We hear so much, for good reason, about Sean Nolin, Marcus Stroman and Aaron Sanchez. I feel good about the Blue Jays pitching future with these arms in the system We may be seeing another great underrated arm developing before our eyes. He has put up some impressive numbers so far and when he fills into his tall lanky frame he may get the extra oomph on his pitches that will take him to the Blue Jays. It is Jays Journal #9 top prospect Chase DeJong.
Name: Chase DeJong
Position: Right-handed Pitcher
Date of Birth: 12/29/1993 (20)
Acquired: 2nd round (81st overall) in 2012 MLB Amateur Draft
High School: Woodrow Wilson HS (CA)
College: None (had commitment to USC)
Height/Weight: 6’1″/190 lbs
Awards and Accomplishments:
- Previously ranked 22nd on 2013 Jays Journal Top Prospects
- Ranked as Blue Jays #9 Top Prospect by Baseball Prospectus
- Ranked as 2013 Appalachian League’s 6th Top Prospect by Baseball America
Stats and Analysis
The Blue Jays are definitely taking a cautious approach to DeJong’s development. With the number of injuries experienced by the organization in recent years, the Jays have been careful to monitor the now 20-year-old’s workload. His advanced baseball acumen and instincts were on display during his 16 innings in 2012 when he pitched for the Gulf Coast League Blue Jays. Aside from the 1.50 ERA he struck out 15 batters and walked only a single batter. It was a reassuring start to his professional career.
With that strong start, DeJong was moved up to the Advanced Rookie Appalachian League in 2013 and his innings pitched increased to 56 with the Bluefield Blue Jays. His stats were not quite as strong as in the GCL but they were still very encouraging… his K/BB dropped from 15:1 to 6:1 and his ERA crept up to 3.05. Nonetheless the numbers were impressive for the young right-hander especially if you look at some of his advanced metrics.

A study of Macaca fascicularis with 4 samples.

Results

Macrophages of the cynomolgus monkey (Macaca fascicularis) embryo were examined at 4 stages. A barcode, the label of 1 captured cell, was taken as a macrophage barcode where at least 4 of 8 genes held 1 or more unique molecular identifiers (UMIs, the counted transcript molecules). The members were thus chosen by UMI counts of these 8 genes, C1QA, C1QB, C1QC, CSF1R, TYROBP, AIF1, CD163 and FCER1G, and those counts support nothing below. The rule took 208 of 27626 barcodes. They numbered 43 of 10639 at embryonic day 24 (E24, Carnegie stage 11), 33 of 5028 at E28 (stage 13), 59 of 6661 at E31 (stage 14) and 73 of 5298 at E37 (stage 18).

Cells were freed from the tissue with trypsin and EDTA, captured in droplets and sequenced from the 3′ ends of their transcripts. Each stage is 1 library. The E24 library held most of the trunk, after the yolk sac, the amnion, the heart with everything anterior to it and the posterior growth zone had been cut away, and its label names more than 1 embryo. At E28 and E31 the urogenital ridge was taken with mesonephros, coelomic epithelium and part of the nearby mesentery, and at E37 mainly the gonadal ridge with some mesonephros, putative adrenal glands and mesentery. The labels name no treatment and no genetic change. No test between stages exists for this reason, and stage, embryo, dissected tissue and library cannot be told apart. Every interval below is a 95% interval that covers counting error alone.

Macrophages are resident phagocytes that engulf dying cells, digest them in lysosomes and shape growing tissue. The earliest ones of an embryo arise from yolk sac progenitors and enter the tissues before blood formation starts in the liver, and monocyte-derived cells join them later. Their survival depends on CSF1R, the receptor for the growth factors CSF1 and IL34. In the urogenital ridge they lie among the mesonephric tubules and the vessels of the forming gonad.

Strong strikeout numbers (10.6 K/9) and low walks totals (1.6 BB/9) led to DeJong putting up the second best FIP in the Appalachian League at 1.90. He also suffered from an unusually high BABIP of .359, which means he was either unlikely or had awful defense behind him, or both. His BABIP should likely regress back to the norm (around .300), which would make his stingy numbers even stingier.
Scouting Report and Outlook
Video Credit: MLB Prospect Portal
When Noah Syndergaard, Anthony DeSclafani and Justin Nicolino were dispatched in the off-season last year there was a bit of a backlash from the public for trading away our future. It’s pitchers with the potential of DeJong that allowed Alex Anthopoulos to part with the aforementioned star prospects. DeJong has not progressed to this point because of overpowering stuff. He progressed because of a high baseball acumen and athletic ability.
If his fastball bumps up a few MPH (he currently works in the 88-91 MPH range, touching 94) and if his curveball and changeup continue to develop we could be looking at a future Top 100 prospect. He commands the heater well but it has a tendency to flatten out. His curve is of the 12-6 variety and was borderline unhittable for Appy League opponents. It has lots of spin and and a big vertical drop with the only knock being that it will occasionally break too early. The curve is his best pitch now and also projects to be a plus pitch at the major league level. His change is developing and can still be too firm at times but when he doesn’t throw it too hard it looks like another potential plus offering.
DeJong will, in all likelihood, make his full-season debut for the Low-A Lansing Lugnuts in 2013. His short-season resume, combined with the hope of future velocity, means that his risk remains relatively high. Expect the Jays to use the piggybacking method (two starters pitching two halves of the same game) so again it will be a season of careful use. Until his wiry frame starts to truly fill out expect him to throw about 100-125 innings in 2014.
Projected MLB Potential and Arrival: Mid-rotation starter in 2016 or 2017.